Managing Passwords – Using KeePass

In the digital age remembering your usernames and passwords can be very difficult. You need a password for the Windows network logon, your e-mail account, your homepage’s FTP password, online passwords (like website member account), etc. etc. etc. The list is endless. Also, you should use different passwords for each account. Because if you use only one password everywhere and someone gets this password you have a problem… A serious problem. The thief would have access to ALL your e-mail accounts, banking, mortgage, homepage, etc.

Here is a list of what I have to manage.
My corporate accounts: 64, my logmein accounts: 22,Personal Internet sites and services: 38, my internet email accounts(gmail, hotmail, yahoo): 14,personal banking/credit: 9.
That is a total of 147! And there are probably some I can’t remember!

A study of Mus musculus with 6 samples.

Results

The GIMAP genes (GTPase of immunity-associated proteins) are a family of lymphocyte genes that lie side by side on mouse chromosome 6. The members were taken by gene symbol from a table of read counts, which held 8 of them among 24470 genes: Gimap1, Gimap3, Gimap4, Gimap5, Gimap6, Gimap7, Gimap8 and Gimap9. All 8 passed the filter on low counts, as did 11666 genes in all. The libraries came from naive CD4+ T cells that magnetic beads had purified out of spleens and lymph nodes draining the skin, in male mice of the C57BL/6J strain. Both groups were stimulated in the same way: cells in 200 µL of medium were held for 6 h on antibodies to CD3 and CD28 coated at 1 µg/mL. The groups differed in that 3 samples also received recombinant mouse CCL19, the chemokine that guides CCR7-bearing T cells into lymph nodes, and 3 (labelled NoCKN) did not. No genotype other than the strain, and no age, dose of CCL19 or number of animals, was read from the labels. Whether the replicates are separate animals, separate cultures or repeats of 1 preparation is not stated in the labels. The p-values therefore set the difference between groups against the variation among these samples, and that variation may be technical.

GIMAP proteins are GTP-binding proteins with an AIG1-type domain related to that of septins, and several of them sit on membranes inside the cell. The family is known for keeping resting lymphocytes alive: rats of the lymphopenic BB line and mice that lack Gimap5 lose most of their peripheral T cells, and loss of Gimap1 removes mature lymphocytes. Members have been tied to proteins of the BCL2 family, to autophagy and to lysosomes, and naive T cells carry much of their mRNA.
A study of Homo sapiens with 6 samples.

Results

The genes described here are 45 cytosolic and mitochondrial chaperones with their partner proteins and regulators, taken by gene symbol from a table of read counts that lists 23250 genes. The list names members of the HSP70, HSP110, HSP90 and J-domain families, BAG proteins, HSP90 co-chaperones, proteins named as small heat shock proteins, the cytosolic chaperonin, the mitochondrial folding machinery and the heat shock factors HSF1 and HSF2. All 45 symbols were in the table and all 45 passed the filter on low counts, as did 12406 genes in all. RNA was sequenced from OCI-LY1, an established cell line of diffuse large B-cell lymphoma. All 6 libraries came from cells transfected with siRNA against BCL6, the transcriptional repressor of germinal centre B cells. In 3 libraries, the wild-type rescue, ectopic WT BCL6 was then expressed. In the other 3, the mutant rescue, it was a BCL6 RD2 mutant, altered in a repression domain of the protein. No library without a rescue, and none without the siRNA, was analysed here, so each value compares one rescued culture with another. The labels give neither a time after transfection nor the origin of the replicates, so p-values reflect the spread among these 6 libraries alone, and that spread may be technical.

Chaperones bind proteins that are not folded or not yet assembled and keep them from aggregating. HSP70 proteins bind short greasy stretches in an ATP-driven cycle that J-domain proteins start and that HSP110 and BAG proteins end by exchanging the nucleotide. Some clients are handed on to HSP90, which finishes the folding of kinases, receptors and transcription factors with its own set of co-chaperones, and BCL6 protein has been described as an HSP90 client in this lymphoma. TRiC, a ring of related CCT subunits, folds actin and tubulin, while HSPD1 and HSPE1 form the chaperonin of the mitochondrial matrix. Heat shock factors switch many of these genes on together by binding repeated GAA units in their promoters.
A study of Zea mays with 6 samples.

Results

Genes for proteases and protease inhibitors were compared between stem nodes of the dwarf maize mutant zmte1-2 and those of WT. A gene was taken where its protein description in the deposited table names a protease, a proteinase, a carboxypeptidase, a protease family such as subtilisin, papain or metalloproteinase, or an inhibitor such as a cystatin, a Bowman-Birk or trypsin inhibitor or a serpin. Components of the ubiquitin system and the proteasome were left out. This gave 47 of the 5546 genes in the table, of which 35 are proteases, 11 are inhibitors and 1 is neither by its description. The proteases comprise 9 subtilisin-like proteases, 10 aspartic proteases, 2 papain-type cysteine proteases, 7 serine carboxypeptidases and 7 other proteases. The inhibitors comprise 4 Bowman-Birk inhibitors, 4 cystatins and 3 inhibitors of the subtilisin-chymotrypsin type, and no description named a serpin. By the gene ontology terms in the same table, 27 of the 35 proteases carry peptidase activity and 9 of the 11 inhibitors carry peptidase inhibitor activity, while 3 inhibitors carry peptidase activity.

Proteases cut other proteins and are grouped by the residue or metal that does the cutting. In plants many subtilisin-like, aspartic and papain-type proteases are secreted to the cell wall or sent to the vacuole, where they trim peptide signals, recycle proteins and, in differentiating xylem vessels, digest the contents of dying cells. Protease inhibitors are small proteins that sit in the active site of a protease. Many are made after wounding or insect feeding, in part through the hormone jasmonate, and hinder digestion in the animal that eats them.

As you can see having to manage these could be a nightmare without some kind of password management system.

To that end I use KeePass.
KeePass is a free open source password manager, which helps you to manage your passwords in a secure way. You can put all your passwords in one database, which is locked with one master key or a key file. So you only have to remember one single master password or select the key file to unlock the whole database. The databases are encrypted using the best and most secure encryption algorithms currently known (AES and Twofish). I also use KeePass to store my non-digital passwords such as ‘PINs’ for banking and credit cards. Because the database is digital and can be exported it can be copied to many locations for back up purposes – such as USB drives, CDROMs, place in a save deposit box and/or to an Internet storage solution.

There are versions for Windows, Linux, OSX and portable devices such as Blackberrys, iPhones and Windows Mobile (PPC).

There are also ‘Portable Versions’ that can be installed on a USB drive with your Key database for use on other non-secure machines.

Here is a good video how to:

Here is another pretty good video on how to setup and use KeePass. It is a little ‘slow’ and it is covering the portable version but the instruction is right on.